07/07/2010, 00.00
CHINA

After Tang Lin’s one-year-old son died from tainted milk, the authorities refused to compensate him and he vented his frustrations online. Because of this, he was arrested. Police then convicted him without trial for threatening public security. For experts, Beijing’s tightening grip on the net is a sign of fear.
Beijing (AsiaNews/Agencies) – Tang Lin, a father who expressed his anger in an online forum for losing his son to melamine-tainted milk scandal, was sentenced to a year of hard labour. For experts, this is further evidence that Chinese censorship will go to any length to ban controversial issues, including the most intimate feelings someone may have.

Tang Lin, a villager from Fengjie County in Chongqing, was taken by police on 19 May for questioning, but it was not until two weeks later that his family found out that the police had sent him to a "re-education-through-labour" camp. Chinese law allows for administrative detention without a court order or legal defence. The motivation for the decision was made public only yesterday, namely “posing a threat to public security by scare-mongering”.

Tang's one-year-old son died of respiratory and urinary system failure in August 2008, and he blamed the death on the Sanlu baby formula the boy had eaten. Manufactured by several Chinese dairies, the baby formula contained melamine, a substance toxic to humans, and possibly added to fool government protein content tests. A number of infants died and some 300,000 people became ill from drinking it.

The scandal broke in September 2008, and ended in a number of high-profile trials involving a number of companies. However, the families of the victims were never paid damages. The government offered pitiful compensation, about US$ 3,500 for the worst cases, less than 300 for all other, sums that could not cover medical expenses, let alone help families with children permanently damaged by the substance. Many families turned down the money.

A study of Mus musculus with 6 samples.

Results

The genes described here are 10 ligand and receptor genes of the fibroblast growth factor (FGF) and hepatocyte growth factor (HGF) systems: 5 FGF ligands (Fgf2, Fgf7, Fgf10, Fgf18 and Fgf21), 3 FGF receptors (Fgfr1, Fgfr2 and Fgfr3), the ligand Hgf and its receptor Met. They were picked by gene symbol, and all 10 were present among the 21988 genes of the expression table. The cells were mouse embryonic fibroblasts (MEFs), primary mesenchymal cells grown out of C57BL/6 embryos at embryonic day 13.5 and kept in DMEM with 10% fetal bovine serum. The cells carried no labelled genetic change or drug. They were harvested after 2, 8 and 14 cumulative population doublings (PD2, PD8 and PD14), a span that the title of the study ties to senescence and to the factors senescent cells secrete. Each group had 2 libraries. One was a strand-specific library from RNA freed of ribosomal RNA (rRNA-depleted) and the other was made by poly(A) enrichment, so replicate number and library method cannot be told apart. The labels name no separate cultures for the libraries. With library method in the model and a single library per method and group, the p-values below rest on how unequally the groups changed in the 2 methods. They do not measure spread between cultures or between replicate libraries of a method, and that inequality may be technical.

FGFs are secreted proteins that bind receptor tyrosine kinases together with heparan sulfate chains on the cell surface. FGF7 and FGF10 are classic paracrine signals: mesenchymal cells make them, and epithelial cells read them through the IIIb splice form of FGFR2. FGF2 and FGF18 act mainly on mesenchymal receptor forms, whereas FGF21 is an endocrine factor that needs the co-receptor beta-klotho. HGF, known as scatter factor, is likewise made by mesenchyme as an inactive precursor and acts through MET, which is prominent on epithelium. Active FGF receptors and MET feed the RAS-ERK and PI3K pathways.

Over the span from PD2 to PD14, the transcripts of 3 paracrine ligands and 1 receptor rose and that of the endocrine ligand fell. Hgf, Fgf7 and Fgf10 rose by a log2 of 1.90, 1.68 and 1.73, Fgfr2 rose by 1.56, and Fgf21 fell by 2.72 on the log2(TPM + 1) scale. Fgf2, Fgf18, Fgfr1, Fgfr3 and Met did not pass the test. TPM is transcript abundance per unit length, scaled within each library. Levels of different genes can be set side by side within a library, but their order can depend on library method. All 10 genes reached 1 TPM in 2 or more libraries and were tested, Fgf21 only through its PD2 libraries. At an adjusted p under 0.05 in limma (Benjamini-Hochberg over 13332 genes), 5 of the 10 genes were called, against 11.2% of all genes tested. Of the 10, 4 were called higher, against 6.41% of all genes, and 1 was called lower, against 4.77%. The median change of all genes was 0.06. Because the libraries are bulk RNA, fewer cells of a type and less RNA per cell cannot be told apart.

Courts rejected applications for compensation on behalf of affected families and victims, arguing they could not award damages before the government assessed the matter. So far, no assessment has been made; none might be done before a number of years or ever.

Because of this, Tang vented his frustration on Tencent QQ, generally referred to as QQ, the most popular (110 million users) free instant messaging computer programme available in mainland China. The system allows users to form chat groups, and on one occasion, Tang told fellow members that "he would go to extremes", that "there will be news reports on it" and "every measure is in place".

These words were enough to get him convicted, police told local media.

QQ group forums can have up to 500 members, but participation is mostly by invitation, meaning applicants are screened by group creators. This might explain why police intercepted his remarks.

In fact, government China’s Interior Ministry has been monitoring QQ forums and other discussion groups since January. For the authorities, such venues are not private places; hence, Tang’s words constituted public speech.

Ultimately, as a number of analysts have pointed out, Beijing is scared by the free flow of information and ideas on the internet. For this reason, it is tightening its control on virtual communication, including private chat rooms.